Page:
Times Staff Writer

THE small theaters and cafes that fill streets near the studios in NoHo don’t in any way bring Texas to mind, but if you head out a little further on Vineland -- a little deeper into the Valley -- the buildings flatten down and the landscape opens up, bringing the big sky into prominence. At the intersection of Vineland Avenue and Vanowen Street on the west side of Burbank airport, on a midsummer day, you can step out of your car, squint through the shimmering heat across the acres of nondescript sprawl toward Mt. Wilson and get a sort of “miles and miles of Texas” feeling.

And if that doesn’t make you want to polish up your belt buckle and increase the size of your hairdo, just follow your nose and step over to the Swinging Door, a tucked away cafe that’s staked a claim to the hearts and stomachs of barbecue lovers with its slow-smoked specialties, long-cooked over oak in a no-nonsense parking lot barbecue “pit” and served with superb sauces and sides in a friendly, sometimes haphazard frenzy of activity.

Opened in January by Michael Stephenson, who owns the huge gas station that dominates the intersection, Swinging Door is named as a salute to but is not affiliated with a landmark restaurant in Richmond, Texas, where Stephenson worked as a teenager and, in a proud professional moment, was elevated to pit master at a young age. Stephenson’s father built the 3,400-pound steel smoker set out behind the gas station garage, a contraption with two enormous cylinders on either side of a fire box. It’s designed, says Stephenson, so there’s no flame directly under the meats, resulting in authentic Texas-style ‘cue.

The neighborhood -- alerted by the fragrant columns of smoke rising from the parking lot -- has taken notice. Throughout the weekday afternoons and into the evenings, shift workers, cops, shirt-sleeved office guys and locals scouting for take-out line up at the counter to order barbecued brisket, baby back ribs, chicken, sausage sandwiches, an array of sides and a roster of specials that includes pork sandwiches and fried chicken.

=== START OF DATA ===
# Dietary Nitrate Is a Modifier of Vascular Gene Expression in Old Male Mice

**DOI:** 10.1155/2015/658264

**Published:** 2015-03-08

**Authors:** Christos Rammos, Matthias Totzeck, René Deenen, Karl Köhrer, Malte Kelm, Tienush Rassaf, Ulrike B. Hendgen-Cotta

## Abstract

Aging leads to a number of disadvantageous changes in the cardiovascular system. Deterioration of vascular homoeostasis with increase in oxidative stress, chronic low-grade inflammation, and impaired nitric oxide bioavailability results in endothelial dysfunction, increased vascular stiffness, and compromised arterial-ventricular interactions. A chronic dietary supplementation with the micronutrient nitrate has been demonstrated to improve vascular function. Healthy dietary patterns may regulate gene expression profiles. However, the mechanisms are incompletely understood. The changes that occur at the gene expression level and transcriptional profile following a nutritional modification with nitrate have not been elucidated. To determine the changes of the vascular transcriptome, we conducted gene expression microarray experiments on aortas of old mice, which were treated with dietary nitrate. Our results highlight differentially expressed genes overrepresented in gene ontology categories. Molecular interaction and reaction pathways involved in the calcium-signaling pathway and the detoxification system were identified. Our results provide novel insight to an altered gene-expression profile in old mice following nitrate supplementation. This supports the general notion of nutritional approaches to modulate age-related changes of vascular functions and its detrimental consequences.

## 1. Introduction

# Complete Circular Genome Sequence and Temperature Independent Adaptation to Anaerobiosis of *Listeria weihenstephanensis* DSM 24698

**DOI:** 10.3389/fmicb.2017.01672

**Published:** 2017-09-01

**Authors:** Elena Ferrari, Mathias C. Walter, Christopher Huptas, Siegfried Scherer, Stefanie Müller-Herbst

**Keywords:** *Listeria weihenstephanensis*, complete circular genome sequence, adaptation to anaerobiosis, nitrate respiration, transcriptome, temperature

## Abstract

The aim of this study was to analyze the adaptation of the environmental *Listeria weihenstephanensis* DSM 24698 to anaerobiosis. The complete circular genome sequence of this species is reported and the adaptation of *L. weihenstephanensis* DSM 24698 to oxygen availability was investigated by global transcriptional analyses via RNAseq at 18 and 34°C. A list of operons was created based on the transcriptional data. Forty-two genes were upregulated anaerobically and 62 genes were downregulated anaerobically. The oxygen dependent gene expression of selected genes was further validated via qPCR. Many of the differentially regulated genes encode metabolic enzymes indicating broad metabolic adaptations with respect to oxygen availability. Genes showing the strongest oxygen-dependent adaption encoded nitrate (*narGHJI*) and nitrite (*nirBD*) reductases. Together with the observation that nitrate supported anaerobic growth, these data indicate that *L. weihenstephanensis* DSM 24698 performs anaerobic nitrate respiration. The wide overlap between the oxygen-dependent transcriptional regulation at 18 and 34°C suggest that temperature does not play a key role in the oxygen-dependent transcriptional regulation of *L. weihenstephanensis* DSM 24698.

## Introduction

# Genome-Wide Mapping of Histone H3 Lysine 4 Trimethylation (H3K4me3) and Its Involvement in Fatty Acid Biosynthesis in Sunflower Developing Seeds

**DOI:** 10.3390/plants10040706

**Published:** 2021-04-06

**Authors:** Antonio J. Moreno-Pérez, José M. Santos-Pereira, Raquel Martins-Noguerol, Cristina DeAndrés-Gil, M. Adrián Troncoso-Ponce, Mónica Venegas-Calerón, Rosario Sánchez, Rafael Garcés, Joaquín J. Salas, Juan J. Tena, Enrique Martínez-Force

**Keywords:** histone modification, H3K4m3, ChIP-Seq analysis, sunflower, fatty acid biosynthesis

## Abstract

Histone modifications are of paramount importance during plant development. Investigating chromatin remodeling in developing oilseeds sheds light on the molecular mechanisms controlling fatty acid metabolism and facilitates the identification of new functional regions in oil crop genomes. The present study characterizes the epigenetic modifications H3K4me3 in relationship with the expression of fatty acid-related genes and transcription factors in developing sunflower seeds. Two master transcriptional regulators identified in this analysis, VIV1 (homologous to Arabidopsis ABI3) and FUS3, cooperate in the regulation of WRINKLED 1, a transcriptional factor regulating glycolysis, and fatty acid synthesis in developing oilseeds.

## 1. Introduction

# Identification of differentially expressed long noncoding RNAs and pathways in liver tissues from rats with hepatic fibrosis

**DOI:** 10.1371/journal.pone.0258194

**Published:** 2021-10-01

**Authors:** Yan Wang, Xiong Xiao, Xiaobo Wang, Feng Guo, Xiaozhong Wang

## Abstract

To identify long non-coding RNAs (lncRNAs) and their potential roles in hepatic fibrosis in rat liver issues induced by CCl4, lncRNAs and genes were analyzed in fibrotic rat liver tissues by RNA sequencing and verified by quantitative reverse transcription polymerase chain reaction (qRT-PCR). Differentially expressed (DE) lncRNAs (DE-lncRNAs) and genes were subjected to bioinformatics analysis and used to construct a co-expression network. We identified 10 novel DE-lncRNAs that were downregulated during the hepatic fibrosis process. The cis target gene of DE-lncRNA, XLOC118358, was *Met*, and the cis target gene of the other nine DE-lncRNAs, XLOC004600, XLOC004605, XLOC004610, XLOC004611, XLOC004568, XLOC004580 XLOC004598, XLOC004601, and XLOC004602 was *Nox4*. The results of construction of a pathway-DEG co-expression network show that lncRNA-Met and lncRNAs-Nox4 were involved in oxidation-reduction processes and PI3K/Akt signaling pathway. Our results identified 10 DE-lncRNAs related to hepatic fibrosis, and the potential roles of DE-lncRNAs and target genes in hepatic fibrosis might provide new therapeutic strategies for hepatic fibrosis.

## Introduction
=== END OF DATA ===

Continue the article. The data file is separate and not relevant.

There are half a dozen tables in the small, narrow room that’s been cheekily decorated with wallpaper friezes of silhouetted cowboys ‘n’ cactus and comic “Wanted” posters. Another five or six are set out under a rickety awning to make a patio. Tin cups of peanuts in the shell are set out at each red-checked-oilcloth-covered table.

Throughout the day, big trays of cooked meat are carried in from the parking lot to a tiny open kitchen where counter folks ask what you want, then wield cutlery and carve to order. There’s a slapdash quality to the scene -- regulars have learned that you can specify chopped or sliced meat, regular or spicy sauce and they’ve also learned that if you’re eating later in the day you should phone ahead for popular items such as baby backs because when they’re gone, they’re gone.

If it’s rush time you’ll get a great lunch, but you won’t get a lot of information and will be left wondering why your chicken sandwich has spicy sauce and your tablemate’s brisket has mild, or why the place always seems to be “out of” smoked potatoes (they’re only made with advance request).


Sandwiches are served on wonderful rolls that have been brushed with butter and garlic, then toasted. There’s enough garlic to stand up to the meat and sauce; you get different but always happy combinations of flavors with each bite.

Combo plates come in various sizes so you can select one, two or three meats and an equal number of sides. The baby back rib plate included a generous portion of meat, succulent ribs, sweet fat lying in wait under the kick of spicy sauce. They’re great with sweet beans dotted with chewy bits of bacon or with creamy red-potato potato salad, house-made as are all the sides, including mac ‘n’ cheese, cole slaw and ranch beans.

Other meats, all slow-cooked over oak or mesquite, include all those available in sandwiches as well as occasional specials such as “pulled pork” (in no way vinegary-authentic, for you homesick North Carolinians, but a tasty, tender barbecued pork nevertheless).

For desserts, there are indefensible deep-fried Twinkies, and a respectable crumble (called cobbler on the menu), which comes in its own cake pan in a serving sized for two to four people. The apple-blueberry version is fresh and fruity, not spiced or fancied up. It’s a plain, honest dessert to enjoy (if you take it home) with a plain, honest cup of coffee (save your flavored brews for another time) or (if you eat it on premises) with a glass of straight-ahead iced tea. And like so many other dishes on Swinging Door’s menu, it’s good every time.

*

Swinging Door

Location: 11018 Vanowen St., North Hollywood, (818) 763-8996; www.swingingdoorbbq.com.


Best dishes: Baby back ribs, chopped tri-tip sandwich, sandwiches.

Details: Open Monday through Saturday, 11:30 a.m. to 8:30 p.m., Saturday, 11:30 a.m. to 5 p.m. Closed Sunday. Lot and street parking, all major credit cards.